The Lawyer Asia Pacific 150 is the only research report to provide a ranking of the top 100 independent local firms and top 50 global firms in the region. The report offers critical review of some of the fastest growing firms and their strategies, a country-by-country guide to leading legal advisers and legal services market trends, plus exclusive insight into the current business development opportunities in the Asia Pacific. Read more
This year, The Lawyer’s annual ranking of the largest UK law firms by turnover is available as an interactive, digital benchmarking tool. For the first time this will allow you to manipulate each data set against the metrics of your choice.
Last week, we devoted a large part of The Lawyer to a direct plea to the Government to reconsider its proposals that we, and now it seems many Labour backbenchers believe will prevent many gaining access to justice - ironically, the name of the very Act that is supposed to improve the public's chances of having their cases heard.
We must have touched a nerve in Government because Geoff Hoon, minister of state in the LCD, asked to clarify a few points. As the story on page 9 shows, that clarification consists of assertions that the examples we gave would probably qualify for legal aid subject to the Lord Chancellor's discretionary powers.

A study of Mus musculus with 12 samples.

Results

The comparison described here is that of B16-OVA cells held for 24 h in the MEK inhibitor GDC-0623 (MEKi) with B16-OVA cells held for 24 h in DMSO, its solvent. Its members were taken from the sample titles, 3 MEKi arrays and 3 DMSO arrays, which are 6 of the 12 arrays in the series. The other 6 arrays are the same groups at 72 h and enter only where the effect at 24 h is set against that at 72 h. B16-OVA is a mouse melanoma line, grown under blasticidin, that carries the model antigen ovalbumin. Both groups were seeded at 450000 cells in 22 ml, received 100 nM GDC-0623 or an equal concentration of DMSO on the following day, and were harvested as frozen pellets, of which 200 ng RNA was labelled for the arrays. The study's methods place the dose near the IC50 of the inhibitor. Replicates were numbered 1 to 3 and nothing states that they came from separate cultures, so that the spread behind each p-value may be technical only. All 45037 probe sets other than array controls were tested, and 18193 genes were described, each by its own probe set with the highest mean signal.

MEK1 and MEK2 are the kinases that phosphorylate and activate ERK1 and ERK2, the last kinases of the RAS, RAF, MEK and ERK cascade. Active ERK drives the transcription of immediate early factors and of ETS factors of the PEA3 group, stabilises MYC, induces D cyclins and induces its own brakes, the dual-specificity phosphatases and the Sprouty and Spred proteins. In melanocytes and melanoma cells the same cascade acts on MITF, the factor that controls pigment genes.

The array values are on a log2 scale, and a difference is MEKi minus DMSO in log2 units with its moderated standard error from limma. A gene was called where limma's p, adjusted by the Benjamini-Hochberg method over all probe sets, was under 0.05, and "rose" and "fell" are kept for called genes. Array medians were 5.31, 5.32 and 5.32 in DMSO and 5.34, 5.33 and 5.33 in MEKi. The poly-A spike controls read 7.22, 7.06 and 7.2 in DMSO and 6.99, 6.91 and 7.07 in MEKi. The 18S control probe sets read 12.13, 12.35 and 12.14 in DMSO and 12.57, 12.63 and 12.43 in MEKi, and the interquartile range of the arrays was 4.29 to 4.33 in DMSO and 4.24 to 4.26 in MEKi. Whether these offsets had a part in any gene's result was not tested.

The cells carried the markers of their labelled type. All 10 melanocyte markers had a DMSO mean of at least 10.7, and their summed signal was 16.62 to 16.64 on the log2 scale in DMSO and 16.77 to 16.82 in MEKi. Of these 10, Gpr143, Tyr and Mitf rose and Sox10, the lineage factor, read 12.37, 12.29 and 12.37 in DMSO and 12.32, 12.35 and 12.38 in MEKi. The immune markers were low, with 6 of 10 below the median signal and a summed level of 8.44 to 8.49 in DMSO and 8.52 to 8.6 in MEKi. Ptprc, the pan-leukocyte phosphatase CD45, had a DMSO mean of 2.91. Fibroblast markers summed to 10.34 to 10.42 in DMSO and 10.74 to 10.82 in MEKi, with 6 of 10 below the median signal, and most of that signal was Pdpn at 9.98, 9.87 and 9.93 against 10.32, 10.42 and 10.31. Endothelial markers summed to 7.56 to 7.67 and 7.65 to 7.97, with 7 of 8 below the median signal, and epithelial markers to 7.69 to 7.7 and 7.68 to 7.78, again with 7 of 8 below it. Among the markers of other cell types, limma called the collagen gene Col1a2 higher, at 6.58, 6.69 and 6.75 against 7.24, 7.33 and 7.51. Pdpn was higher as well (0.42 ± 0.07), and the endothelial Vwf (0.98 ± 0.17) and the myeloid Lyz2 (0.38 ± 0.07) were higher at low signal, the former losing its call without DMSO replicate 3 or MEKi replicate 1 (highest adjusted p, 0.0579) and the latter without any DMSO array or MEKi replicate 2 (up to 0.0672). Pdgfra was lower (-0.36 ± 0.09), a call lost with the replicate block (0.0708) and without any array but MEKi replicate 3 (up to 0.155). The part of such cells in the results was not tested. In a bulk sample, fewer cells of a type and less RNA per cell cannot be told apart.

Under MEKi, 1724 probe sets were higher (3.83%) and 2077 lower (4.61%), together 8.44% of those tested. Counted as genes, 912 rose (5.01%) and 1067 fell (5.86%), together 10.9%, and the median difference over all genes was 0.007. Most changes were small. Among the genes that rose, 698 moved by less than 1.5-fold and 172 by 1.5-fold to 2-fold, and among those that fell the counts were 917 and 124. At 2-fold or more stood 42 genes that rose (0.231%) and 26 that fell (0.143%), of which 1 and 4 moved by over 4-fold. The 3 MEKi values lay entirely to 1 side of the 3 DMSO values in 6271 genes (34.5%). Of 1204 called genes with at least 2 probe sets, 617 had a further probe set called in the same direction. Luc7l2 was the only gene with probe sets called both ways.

This is simply not good enough. If the Government is serious about access to justice then it is not sufficient to have the Lord Chancellor or some quasi quango take over, acting as a gatekeeper to the courts. Discretion will be enshrined in "directions" to be included in the code to establish the Legal Services Commission.
Either people have a right to have their claims heard in a court of law, no matter how poor they are, or they do not. If Hoon is confident that these "directions" will safeguard the equal access principle, then let him work to have them written into the legislation not left as the basis for a non-statutory funding code.